Posted on: December 11, 2020 | Back to the homepage

Why I don't speak at conferences

Conferences are great for attendees, bringing the knowledge from many speakers in a short amount of time. They gain a lot of knowledge, for not a whole lot of effort - attendees maximize their input. Super efficient, smart. No argument from me.

Conferences for content creators are another matter. For example, with physical conferences, the output is low because the venue can only hold a finite number of attendees.

As someone who decided to work on the web at a young age, one thing that appealed to me was the potential of the world wide web. It is not just that people can access your content from anywhere, but what also interested me was that someone could do this at any time. There was a time when this was still a magical concept, and that concept was never lost on me.

Digital conferences are a different animal, but they are not as popular among speakers or attendees. In theory, digital conferences have high reach potential, but in practice? You will still get more views with a blog post that you drive traffic to on an ongoing basis. Likewise, some physical conferences offer digital replays online, and I commend those who do, but I question their numbers.

It is nothing other than a numbers issue, and that is why I don’t speak at conferences.

I want to bring as much value possible to as many people as possible. Or, put another way, I do not wish to provide information to only a select few when creating something for the public domain.

The only reason I could see that I would want to speak at conferences would be if I enjoyed networking. I have to say that I am not that kind of guy. Another reason I got into working on the web is that I don’t like being around others. It was not always so respectable to work on the web, and so the risk of being invited into a giant room full of ‘professional people’ who also worked online was not only small but laughable.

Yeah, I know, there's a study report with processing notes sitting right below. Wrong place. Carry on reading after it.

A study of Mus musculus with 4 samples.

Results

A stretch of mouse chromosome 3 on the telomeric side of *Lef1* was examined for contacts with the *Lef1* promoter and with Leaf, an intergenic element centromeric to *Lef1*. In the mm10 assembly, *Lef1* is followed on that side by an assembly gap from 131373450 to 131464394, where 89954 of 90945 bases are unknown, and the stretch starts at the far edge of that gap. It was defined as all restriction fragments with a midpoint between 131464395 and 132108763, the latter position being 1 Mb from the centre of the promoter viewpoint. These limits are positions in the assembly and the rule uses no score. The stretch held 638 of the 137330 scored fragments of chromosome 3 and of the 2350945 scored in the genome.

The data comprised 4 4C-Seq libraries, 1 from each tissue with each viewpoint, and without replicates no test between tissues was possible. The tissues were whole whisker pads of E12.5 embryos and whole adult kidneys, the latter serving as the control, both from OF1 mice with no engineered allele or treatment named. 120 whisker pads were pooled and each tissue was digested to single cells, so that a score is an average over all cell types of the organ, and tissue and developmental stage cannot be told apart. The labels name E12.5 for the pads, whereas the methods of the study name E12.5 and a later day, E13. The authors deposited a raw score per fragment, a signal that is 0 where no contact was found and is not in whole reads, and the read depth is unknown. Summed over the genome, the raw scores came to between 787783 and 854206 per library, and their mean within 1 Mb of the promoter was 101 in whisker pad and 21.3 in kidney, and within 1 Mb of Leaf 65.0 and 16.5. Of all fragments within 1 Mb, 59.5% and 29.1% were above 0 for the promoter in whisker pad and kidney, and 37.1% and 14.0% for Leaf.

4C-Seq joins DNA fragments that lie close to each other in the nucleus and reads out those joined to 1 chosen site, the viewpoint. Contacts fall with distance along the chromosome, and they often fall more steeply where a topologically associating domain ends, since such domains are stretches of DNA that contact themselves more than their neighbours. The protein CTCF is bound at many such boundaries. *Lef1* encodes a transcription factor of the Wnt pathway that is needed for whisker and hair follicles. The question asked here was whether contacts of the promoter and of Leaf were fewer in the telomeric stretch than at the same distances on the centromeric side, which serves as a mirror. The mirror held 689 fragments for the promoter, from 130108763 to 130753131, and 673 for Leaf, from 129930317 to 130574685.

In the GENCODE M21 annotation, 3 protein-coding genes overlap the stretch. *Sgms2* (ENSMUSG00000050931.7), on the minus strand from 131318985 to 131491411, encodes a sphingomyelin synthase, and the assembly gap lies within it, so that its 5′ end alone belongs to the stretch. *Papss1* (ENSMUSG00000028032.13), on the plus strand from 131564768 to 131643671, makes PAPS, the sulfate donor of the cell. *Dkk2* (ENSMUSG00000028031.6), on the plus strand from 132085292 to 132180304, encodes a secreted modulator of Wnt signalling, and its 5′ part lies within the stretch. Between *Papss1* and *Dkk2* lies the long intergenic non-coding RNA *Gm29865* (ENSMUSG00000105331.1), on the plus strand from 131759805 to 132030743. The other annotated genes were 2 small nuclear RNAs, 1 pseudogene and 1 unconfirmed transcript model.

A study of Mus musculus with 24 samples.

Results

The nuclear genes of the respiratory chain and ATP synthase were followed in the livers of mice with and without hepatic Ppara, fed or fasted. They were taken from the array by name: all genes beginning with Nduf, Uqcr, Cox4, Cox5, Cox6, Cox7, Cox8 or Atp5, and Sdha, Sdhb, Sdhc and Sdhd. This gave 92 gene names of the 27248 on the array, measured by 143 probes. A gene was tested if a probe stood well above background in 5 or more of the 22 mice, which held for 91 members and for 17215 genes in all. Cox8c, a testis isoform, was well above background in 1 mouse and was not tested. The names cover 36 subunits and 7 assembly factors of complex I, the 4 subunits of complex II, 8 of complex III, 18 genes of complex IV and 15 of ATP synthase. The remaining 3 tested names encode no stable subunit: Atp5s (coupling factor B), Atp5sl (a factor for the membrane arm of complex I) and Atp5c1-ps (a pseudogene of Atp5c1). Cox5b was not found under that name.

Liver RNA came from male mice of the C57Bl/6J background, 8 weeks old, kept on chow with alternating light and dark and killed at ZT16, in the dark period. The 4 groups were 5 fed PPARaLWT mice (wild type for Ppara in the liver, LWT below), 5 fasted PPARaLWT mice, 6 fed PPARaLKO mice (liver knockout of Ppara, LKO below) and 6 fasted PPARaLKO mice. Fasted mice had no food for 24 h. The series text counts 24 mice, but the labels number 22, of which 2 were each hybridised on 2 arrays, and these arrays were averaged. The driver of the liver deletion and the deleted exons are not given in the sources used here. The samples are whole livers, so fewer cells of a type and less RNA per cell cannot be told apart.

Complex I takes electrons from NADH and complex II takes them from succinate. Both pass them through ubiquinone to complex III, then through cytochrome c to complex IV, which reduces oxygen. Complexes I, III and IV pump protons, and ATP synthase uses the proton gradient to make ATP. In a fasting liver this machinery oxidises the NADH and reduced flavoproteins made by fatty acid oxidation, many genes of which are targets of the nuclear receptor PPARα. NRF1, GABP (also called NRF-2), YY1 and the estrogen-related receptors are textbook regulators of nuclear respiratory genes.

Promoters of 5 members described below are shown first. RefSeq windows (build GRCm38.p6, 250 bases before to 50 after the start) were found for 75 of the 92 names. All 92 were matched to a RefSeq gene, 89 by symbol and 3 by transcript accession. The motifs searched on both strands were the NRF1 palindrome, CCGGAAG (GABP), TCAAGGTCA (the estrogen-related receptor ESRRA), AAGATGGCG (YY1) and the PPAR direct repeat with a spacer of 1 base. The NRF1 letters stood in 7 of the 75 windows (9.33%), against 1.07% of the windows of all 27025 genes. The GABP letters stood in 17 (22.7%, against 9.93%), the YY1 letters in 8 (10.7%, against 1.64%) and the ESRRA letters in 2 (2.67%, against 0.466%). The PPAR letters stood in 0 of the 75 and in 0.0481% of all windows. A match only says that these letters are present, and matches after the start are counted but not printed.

This post is not a slam piece on those who speak at conferences either because I can only speculate why conferences are a good fit for others. I only know my reasons. My one complaint is when speakers refuse to admit that they could provide more value by focusing on the web instead, but it is only a minority who argue this point.

So I can hear you wondering, would I go to a conference as an attendee? A digital one, absolutely! As I said, conferences are of great value for the attendees - no argument. My argument is that it doesn’t provide the most output in terms of reach, so I don’t speak at conferences.